In newly submitted information to carbon measurement non-profit CDP, which charts the decarbonisation progress of firms in line with the goals of the Paris Agreement, Canon has effectively slashed its climate ambition in half.
Canon’s 2021 absolute emissions reduction target was 50 per cent from 2008 levels by 2030, which was in line with the Paris Agreement global warming limit of 1.5 degrees Celsius above pre-industrial levels.
However, the company’s new climate target is a 30 per cent cut from 2018 levels by the end of the decade.
When base year adjustments and different emissions scopes are taken into account, this represents an emissions cut drop from 50 per cent by 2030 to 23 per cent by 2030 – which is not Paris-aligned – analysis by Transition Asia, a non-government organisation that scrutinises sustainability commitments in East Asia, has found.
Canon appears to have lowered its ambition to match the current insufficient action.
Carmen Gravatt, co-director, Transition Asia
Transition Asia modelled Canon’s current and recent business growth projections, energy efficiency improvements and energy consumption to forecast the firm’s emissions trajectory from 2022 to 2030. It concluded that Canon has lowered its climate ambition because it was failing to meet its original target.
Canon has been struggling to decarbonise because it has focused on improving product energy efficiency rather than increasing its use of renewable energy and lobbying for grid decarbonisation in its fossil fuel-dependent operational geographies of Japan and Southeast Asia, the report suggested.
It also noted that Canon has been working to “undermine Japan’s national climate progress” through the Canon Institute for Global Studies (CIGS) – a think tank it had set up to commemorate its anniversary in 2007 – by releasing “research opposing the expansion of renewables in Japan”. Earlier this year, its research director drew criticism for his views promoting climate denial. Articles posted on CIGS’s website have called the climate crisis “fake news” and compared student activist Greta Thunberg to a communist.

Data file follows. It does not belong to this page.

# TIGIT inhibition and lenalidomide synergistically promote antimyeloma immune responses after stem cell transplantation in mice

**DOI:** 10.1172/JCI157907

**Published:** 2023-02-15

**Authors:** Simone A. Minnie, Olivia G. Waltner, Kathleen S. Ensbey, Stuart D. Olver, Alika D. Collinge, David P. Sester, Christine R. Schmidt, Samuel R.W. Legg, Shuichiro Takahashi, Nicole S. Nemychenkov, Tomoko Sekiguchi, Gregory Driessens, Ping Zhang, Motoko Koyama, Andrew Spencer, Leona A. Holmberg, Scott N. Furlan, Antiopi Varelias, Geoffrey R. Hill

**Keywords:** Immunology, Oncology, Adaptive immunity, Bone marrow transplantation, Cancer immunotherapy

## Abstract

According to Transition Asia’s research, Canon’s renewable energy procurement target of 4.9 per cent by 2023 is far below industry competitors, most of which have climate targets approved by the Science Based Targets Initiative (SBTi), a body that assesses carbon reduction targets in terms of their compatibility with the Paris Agreement.
By comparison, Sony’s renewable energy procurement target for 2023 is 14.15 per cent, Fujitsu’s in 20.75 per cent and HP’s 53.5 per cent, the report noted.
Canon has not responded to Eco-Business’s request for comment on its new climate commitments.
This is not the first time that the Hong Kong-based Transition Asia has examined whether individual companies are falling short of climate goals. In September, it analysed the emissions pathway of Japan’s largest steel producer Nippon Steel, and concluded that the company needed to raise its ambitions by investing in greener solutions powered by renewable energy.
In the report, the non-profit pointed to how Japan had experienced its worst heat wave on record this year, highlighting that consumers and shareholders now demand more climate action from homegrown brands. “Most corporate announcements on climate signal increased ambition. Canon’s newly-announced 2030 target does the opposite,” the report said.
Canon could raise its climate ambition by committing to a 2030 absolute emissions reduction target that is at least equivalent to a 45 per cent drop from 2010 levels, excluding the use of carbon offsets, the report suggested.
It also needs to work towards ensuring that Japan delivers on its national energy plan, decarbonise the grid to at least 250g of carbon dioxide (CO2) per kilowatt hour by 2030, as well as invest in renewable energy deals to cover 35 per cent of its electricity demand in Southeast Asia.
Scrutiny of corporate decarbonisation commitments is growing as global greenhouse gas emissions remain at record-high levels. A February study of the world’s biggest corporations found that most are falling short on their climate commitments, with half lacking clear detail on how they plan to decarbonise.
Did you find this article useful? Join the EB Circle!
Your support helps keep our journalism independent and our content free for everyone to read. Join our community here.